Wilsey BL, Fishman SM, Gilson AM, et al .Profiling multiple provider prescribing of opioids, benzodiazepines, stimulants, and anorectics

VA Northern California Health Care System, Sacramento, CA 95655, USA.
Drug and alcohol dependence (Impact Factor: 3.42). 11/2010; 112(1-2):99-106. DOI: 10.1016/j.drugalcdep.2010.05.007
Source: PubMed


The main objective of this study was to determine the prevalence of multiple providers for different controlled substances using the largest electronic prescription monitoring program (PMP) in the United States. A secondary objective was to explore patient and medication variables associated with prescriptions involving multiple providers. PMPs monitor the final allocation of controlled substances from pharmacist to patient. The primary purpose of this scrutiny is to diminish the utilization of multiple providers for controlled substances.
This is a secondary data analysis of the California PMP, the Controlled Substance Utilization Review and Evaluation System (CURES). The prevalence of multiple provider episodes was determined using data collected during 2007. A series of binomial logistic regressions was used to predict the odds ratio (OR) of multiple prescriber episodes for each generic type of controlled substance (i.e., opioid, benzodiazepine, stimulant, or diet pill (anorectic) using demographic and prescription variables.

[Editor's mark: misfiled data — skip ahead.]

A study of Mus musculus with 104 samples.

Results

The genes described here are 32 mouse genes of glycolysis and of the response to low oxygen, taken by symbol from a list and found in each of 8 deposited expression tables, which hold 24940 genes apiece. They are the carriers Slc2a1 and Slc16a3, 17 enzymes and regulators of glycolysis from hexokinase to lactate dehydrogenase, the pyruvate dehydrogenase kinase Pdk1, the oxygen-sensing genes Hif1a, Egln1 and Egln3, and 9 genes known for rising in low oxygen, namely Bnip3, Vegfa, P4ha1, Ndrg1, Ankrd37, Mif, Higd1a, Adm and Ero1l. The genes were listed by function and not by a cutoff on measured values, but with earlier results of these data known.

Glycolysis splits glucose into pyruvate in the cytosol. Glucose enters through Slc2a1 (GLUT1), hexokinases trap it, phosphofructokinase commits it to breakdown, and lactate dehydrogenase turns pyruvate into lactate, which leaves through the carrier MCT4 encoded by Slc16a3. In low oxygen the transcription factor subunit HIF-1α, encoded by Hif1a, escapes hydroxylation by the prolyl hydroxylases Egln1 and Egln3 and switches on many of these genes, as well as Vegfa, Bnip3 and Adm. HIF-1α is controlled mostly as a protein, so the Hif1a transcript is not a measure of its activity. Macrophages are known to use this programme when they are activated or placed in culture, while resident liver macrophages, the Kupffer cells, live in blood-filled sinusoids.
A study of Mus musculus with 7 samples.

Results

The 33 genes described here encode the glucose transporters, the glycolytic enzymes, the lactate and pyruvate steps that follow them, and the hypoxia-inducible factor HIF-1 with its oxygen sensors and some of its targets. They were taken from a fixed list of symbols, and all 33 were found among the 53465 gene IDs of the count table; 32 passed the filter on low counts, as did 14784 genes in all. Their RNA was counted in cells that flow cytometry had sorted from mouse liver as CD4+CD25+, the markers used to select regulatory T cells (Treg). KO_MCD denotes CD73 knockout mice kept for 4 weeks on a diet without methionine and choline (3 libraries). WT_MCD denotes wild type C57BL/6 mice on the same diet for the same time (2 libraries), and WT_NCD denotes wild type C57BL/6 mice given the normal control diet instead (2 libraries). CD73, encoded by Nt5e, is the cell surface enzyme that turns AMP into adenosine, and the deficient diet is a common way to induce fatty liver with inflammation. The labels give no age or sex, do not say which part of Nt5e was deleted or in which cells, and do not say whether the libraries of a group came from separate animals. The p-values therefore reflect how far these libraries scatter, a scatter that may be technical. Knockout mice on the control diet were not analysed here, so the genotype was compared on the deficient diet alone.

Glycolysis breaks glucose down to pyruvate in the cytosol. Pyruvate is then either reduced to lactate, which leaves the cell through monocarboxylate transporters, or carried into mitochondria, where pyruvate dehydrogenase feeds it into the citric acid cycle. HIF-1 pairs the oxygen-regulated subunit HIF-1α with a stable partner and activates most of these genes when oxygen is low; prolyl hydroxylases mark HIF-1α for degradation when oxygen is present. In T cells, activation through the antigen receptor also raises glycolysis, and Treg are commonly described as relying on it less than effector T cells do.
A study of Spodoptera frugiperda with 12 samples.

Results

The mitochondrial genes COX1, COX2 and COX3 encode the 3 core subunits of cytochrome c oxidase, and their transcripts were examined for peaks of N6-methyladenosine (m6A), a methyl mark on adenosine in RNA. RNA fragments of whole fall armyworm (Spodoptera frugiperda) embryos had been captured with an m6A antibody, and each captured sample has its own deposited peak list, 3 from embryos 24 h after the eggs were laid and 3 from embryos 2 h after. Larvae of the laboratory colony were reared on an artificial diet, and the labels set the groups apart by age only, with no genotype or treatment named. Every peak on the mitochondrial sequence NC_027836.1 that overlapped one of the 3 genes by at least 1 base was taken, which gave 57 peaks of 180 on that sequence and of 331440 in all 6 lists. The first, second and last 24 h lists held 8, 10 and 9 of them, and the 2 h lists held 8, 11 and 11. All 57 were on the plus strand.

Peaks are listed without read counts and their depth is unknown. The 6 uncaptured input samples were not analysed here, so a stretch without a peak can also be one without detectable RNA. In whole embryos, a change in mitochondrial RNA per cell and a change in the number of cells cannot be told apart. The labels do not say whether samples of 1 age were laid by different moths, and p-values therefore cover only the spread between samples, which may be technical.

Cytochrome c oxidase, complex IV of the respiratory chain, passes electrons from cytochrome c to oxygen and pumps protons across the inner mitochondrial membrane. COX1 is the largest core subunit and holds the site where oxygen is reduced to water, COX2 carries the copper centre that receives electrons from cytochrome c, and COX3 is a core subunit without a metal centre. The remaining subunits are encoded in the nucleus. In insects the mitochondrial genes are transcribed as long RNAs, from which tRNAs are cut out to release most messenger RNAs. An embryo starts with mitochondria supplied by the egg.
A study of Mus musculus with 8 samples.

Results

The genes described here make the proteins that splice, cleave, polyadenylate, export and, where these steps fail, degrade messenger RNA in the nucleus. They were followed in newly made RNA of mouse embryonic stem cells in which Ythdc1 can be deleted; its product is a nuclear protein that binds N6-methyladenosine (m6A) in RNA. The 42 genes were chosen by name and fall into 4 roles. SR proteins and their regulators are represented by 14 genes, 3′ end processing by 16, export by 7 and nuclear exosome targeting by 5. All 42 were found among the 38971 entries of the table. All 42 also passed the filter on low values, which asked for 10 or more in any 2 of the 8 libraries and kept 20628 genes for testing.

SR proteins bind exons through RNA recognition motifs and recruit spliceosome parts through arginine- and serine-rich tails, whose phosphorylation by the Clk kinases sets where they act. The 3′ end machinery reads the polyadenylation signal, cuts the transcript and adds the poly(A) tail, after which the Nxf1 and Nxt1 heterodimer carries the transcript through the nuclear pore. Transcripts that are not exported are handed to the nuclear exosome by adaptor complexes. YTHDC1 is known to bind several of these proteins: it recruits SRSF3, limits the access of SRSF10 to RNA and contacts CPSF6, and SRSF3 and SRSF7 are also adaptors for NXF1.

Opioid prescriptions (12.8%) were most frequently involved in multiple provider episodes followed by benzodiazepines (4.2%), stimulants (1.4%), and anorectics (0.9%), respectively. The greatest associations with multiple provider episodes were simultaneously receiving prescriptions for different controlled substances.
Opioids were involved in multiple provider prescribing more frequently than other controlled substances. The likelihood of using multiple providers to obtain one class of medications was substantially elevated as patients received additional categories of controlled substances from the same provider or from multiple practitioners. Polypharmacy represents a signal that requires additional vigilance to detect the potential presence of doctor shopping.